Sunday, May 31, 2015

Review: The Shadow Revolution by Clay and Susan Griffith

Title: The Shadow Revolution (Crown & Key #1)
Clay and Susan Griffith
Publisher: Del Rey (Penguin Random House)
Release Date: June 2, 2015

They are the realm’s last, best defense against supernatural evil. But they’re going to need a lot more silver.

As fog descends, obscuring the gas lamps of Victorian London, werewolves prowl the shadows of back alleys. But they have infiltrated the inner circles of upper-crust society as well. Only a handful of specially gifted practitioners are equipped to battle the beasts. Among them are the roguish Simon Archer, who conceals his powers as a spell-casting scribe behind the smooth veneer of a dashing playboy; his layabout mentor, Nick Barker, who prefers a good pub to thrilling heroics; and the self-possessed alchemist Kate Anstruther, who is equally at home in a ballroom as she is on a battlefield.

After a lycanthrope targets Kate’s vulnerable younger sister, the three join forces with fierce Scottish monster-hunter Malcolm MacFarlane—but quickly discover they’re dealing with a threat far greater than anything they ever imagined.

My Review

I jumped at the chance to read The Shadow Revolution, because I really enjoyed the other of the Griffith's series that I read, Vampire Empire. Plus, I really love a good steampunk novel done right. I'll blame it on Sean Connery and The League of Extraordinary Gentlemen. :) (Yes, I know the movie is terrible, but it's Sean Connery).

While The Shadow Revolution had a few hiccups for me, it's a great start to a new steampunk urban fantasy series. I was so hooked that I willingly read the little teaser chapter for the next book. I never do that, by the way. I'm impatient and can't bear to have the rest of the book. One chapter is not enough. Lucky for me, the next book in the trilogy, The Undying Legion, will be out in less than a month.

Since The Shadow Revolution is urban fantasy with witches, I was a happy reader. There could have been a little bit better world building; the world of Vampire Empire is much better detailed. But, that world is also a completely alternate world, where I'm guessing this one is only slightly different. There's no real explanation as to whether magical beings are the norm in England at this time. No one is really shocked at the happenings, but Simon and gang do attempt to at least cover most of their shenanigans. But, someone would have to see giant werewolves and those creepy white beings shuffling around. Also, how do the only four "good guys" with magical/alchemical/badass talent manage to literally walk into each other (or at least, stumble upon each other whilst fighting bad guys) and become fast friends?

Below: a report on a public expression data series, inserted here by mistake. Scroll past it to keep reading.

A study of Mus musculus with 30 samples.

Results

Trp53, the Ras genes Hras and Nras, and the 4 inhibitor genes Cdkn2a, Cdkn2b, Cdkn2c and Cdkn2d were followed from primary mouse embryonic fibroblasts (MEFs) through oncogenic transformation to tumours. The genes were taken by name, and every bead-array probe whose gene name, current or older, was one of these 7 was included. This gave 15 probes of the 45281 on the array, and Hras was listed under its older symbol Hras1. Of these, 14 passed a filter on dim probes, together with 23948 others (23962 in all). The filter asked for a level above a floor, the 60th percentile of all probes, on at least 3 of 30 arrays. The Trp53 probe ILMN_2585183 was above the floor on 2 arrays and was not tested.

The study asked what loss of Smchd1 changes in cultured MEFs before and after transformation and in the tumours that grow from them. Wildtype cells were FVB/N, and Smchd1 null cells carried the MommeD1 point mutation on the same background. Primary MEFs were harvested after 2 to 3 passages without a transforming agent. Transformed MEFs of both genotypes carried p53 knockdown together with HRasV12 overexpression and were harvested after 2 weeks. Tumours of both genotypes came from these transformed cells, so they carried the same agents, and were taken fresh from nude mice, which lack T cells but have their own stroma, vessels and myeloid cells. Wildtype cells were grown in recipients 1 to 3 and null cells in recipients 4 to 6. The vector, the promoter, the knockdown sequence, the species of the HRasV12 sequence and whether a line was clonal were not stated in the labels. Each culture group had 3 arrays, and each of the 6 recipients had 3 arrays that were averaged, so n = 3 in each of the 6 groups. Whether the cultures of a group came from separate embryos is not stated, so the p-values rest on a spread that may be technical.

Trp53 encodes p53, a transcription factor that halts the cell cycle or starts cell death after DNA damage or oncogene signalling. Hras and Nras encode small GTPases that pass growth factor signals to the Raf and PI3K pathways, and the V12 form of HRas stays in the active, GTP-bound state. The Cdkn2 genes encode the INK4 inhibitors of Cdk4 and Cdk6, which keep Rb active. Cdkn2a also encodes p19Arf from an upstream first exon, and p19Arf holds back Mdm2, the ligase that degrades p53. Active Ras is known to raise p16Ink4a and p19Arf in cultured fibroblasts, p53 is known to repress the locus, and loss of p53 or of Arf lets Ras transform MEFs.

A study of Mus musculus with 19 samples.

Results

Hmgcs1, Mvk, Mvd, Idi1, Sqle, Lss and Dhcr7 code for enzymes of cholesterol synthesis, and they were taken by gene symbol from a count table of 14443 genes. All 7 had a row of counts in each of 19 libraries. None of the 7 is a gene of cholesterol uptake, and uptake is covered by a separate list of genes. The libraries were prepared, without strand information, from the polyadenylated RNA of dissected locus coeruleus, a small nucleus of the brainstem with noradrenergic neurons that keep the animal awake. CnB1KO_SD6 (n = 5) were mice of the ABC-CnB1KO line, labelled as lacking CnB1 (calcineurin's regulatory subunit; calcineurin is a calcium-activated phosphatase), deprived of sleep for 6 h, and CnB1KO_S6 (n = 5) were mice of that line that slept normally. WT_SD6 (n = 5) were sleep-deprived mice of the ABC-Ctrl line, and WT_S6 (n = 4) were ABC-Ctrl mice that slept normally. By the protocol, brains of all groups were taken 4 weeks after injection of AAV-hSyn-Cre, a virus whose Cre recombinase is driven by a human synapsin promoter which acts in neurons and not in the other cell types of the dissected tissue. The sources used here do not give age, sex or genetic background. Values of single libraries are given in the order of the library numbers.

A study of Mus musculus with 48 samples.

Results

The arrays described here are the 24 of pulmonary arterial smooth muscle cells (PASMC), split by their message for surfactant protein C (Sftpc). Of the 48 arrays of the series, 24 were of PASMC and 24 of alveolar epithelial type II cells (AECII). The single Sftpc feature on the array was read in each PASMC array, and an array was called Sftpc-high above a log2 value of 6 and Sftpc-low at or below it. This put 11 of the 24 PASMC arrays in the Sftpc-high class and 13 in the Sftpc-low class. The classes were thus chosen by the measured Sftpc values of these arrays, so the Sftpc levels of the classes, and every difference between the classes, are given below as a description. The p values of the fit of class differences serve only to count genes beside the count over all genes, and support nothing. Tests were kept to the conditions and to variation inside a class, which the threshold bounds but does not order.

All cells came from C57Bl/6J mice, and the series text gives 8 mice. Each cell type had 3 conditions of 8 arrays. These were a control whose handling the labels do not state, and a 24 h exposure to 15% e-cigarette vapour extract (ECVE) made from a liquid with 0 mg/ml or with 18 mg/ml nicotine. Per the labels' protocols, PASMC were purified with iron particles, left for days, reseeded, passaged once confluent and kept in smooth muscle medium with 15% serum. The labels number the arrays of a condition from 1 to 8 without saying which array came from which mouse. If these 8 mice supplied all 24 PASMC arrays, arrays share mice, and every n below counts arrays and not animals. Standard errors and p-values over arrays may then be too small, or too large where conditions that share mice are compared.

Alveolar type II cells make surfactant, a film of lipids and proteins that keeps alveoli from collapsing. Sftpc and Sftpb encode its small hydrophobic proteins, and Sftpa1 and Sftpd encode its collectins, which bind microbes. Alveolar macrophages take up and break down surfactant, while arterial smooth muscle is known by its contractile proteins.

I'm reading an ARC so this may change by the time of publication, but I thought that some of the dialogue needed some editing. It was a little stilted in parts. There were also several parts in the first couple of chapters where Simon would utter something along the lines of a "non-English word". I'm probably being nitpicky, but I feel like the language should have been described. Maybe pick a mage language, make one up, or simply write the word without giving the language. Basically, anything but saying he muttered a "non-English word".

I'm impressed that the heroes of the story are generally an unlikeable lot of characters, yet I was still drawn in and invested in the outcome of all of them. Kate was an odd character. She's a little too brash and loudly opinionated for the time frame. But, maybe in alternate 19th-century London women aren't as repressed. She's also prickly, a know-it-all and rash. She gets points for risking herself in order to save those she cares about, but she was missing that something that normally makes me fall in love with the tough, know-it-all urban fantasy heroine. Nick and Malcolm were also prickly and testosterone filled. However, whereas Malcolm grew on me with his sarcasm and competence, Nick just made me want to yell at him to shower and stop being a selfish, lazy, shifty slob.

However, all my quibbles aside, The Shadow Revolution is a pretty fast-paced jaunt through an alternate London. There's a set up for some sort of quest to figure how to work a magical object or an evil magical society, which are also things I love in fantasy, so I can't wait to see where the next book leads us. According to the synopsis there's going to be an evil mummy and snake demon, and I don't remember the last time (if ever) that I've read about evil mummies. (Now I want Yummy Mummy, and I'll be extremely sad if it's not available this Halloween).

- 3.5/5 Stars -

Buy Links
Amazon | Barnes & Noble | Book Depository| Fishpond
Google Play | Kobo | iTunes

To satisfy FTC guidelines, I am disclosing that I each received a copy of the novel from the publisher via NetGalley in exchange for an unbiased review. This has in no way affected the outcome of my review.


  1. This sounds promising for a first in series. There is definitely enough here to make me want to give it a go to see where the next book will go. Thank you for your review, Amber.

  2. You should definitely check it out if you like steampunk! Thanks for stopping by!


You are going to put words in my box?! *squeezes you* Now I shall stalk YOUR blog!